If you’ve ever received massage for chronic or acute pain resulting from an injury or overuse, you may have heard of the term “myofascial release.”
The Fascial System
Your body is comprised of one network of fascia, which is a system of uninterrupted connective tissue that surrounds your organs, bones and muscles. It is compared to saran wrap (think thin layers of tissue) and is responsible for maintaining structural integrity; without it, your body would be one messy heap on the floor.
The Compromised Fascial System
With overuse, postural misalignment or injury, these connective tissues and muscles can become overstretched, hyper-tonic, weakened or inflamed, causing pain, decreased function, and restricted range of motion. Chronic inflammation or irritation of the fascial tissues can result in a thickening of the tissues (fibrosis). And like a pull in a sweater, a knot or fascial restriction in one part of the body can cause pain and tightness eventually in another part of the body. This is the perfect set up for something called the “pain spasm pain cycle,” where pain creates spasms in the muscles, which creates more pain and then more spasms and so on.
Myofascial release: To the rescue
Myofascial release is a type of manual therapy used to release the restrictions that occur in such cases in order to eliminate pain, restore muscle function, increase range of motion and interrupt the “pain spasm pain” cycle. Unlike Swedish massage, where lotion or oil is typically used, myofascial release requires very little or no lotion, in order to allow the therapist to “hook” into the fascial system. Warming up the tissues with myofascial release can take time, and it can even seem like nothing is happening at first. A therapist applies light sustained pressure in an area to allow the tissues to liquefy and soften, providing access to the deeper layers of the fascial system where subsequent deeper work can create changes not only locally, but throughout the entire body.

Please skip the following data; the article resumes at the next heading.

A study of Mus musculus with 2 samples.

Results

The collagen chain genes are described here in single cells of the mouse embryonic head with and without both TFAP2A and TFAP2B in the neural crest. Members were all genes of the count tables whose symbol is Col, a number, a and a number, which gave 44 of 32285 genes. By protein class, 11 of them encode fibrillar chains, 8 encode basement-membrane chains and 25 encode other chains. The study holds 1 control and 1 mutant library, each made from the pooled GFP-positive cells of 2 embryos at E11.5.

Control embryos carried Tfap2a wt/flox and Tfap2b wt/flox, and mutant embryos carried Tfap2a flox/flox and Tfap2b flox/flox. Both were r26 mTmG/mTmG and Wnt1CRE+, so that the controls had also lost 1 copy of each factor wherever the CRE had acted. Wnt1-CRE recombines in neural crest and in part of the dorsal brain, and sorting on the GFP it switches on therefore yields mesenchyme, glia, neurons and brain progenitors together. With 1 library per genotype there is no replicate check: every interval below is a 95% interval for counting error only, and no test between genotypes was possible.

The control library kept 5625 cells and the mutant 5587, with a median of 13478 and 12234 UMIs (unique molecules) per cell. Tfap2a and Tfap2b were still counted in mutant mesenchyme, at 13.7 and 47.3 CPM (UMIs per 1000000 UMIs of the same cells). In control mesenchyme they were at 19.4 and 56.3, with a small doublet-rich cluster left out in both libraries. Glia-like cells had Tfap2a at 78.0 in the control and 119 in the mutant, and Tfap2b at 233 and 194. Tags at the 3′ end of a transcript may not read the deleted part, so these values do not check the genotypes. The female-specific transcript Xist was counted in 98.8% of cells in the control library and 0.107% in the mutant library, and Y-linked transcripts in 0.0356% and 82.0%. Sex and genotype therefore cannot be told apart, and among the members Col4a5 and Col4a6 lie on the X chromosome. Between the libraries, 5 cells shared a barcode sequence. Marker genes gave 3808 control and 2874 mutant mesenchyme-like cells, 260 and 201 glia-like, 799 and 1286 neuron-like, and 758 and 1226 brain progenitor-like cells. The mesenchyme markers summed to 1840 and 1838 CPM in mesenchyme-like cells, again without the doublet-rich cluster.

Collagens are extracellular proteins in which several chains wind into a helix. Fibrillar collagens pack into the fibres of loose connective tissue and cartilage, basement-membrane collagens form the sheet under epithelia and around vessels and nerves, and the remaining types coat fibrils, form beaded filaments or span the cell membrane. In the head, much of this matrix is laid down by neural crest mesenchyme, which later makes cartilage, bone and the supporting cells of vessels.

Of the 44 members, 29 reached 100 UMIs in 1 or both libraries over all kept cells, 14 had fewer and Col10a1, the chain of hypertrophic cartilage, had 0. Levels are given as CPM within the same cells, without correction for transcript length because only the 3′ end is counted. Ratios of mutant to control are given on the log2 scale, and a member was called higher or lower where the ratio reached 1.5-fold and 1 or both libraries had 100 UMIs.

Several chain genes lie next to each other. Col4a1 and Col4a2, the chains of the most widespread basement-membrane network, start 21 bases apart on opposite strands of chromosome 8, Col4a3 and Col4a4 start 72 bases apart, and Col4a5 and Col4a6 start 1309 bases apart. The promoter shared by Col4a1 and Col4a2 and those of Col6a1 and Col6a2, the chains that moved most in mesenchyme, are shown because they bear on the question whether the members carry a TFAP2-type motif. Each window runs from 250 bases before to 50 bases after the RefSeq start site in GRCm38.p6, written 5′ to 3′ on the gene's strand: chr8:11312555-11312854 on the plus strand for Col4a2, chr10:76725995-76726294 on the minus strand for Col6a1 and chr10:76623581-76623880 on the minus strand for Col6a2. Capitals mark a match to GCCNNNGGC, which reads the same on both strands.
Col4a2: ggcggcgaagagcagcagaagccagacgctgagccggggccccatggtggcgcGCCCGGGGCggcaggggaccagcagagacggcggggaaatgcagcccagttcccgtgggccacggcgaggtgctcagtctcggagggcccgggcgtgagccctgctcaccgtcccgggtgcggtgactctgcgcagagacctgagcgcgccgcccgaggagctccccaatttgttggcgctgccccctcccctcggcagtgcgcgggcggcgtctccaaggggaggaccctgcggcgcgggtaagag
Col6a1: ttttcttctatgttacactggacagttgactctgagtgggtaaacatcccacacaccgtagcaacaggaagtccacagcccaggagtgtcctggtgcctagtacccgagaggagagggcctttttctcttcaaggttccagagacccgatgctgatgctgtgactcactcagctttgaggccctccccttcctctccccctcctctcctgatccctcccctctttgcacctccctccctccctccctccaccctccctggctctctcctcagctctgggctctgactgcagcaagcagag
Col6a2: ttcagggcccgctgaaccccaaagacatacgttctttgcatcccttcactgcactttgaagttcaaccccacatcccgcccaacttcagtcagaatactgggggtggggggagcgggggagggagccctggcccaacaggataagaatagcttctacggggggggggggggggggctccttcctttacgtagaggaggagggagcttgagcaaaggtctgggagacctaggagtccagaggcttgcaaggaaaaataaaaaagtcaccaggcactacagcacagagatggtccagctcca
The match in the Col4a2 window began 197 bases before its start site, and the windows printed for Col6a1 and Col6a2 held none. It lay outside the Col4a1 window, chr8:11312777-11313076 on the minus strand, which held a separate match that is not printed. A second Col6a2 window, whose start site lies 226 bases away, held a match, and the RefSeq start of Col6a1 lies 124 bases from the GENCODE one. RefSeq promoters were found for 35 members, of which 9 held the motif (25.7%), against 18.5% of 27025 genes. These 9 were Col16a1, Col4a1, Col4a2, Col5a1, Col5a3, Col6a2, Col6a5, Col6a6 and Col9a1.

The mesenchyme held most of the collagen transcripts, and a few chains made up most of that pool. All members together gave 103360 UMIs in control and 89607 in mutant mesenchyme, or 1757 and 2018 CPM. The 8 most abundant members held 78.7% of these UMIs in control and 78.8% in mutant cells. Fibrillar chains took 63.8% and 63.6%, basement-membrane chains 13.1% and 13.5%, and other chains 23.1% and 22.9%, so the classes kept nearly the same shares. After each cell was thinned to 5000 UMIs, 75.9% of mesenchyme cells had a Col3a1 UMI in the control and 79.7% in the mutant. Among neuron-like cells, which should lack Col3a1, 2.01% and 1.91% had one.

Who can benefit from Myofascial Release
Anyone experiencing any of the following can benefit from this modality:
- neck, shoulder, back pain
- sports injuries
- correcting poor postural alignment that develop over time from too much desk/computer work
- auto accident related injuries: whiplash, back pain, headaches, etc.
- Thoracic Outlet Syndrome
- Carpal Tunnel Syndrome
The next time you’re experiencing pain or have a musculoskeletal injury, ask your massage therapist about myofascial release and how it may help restore function and balance in your body.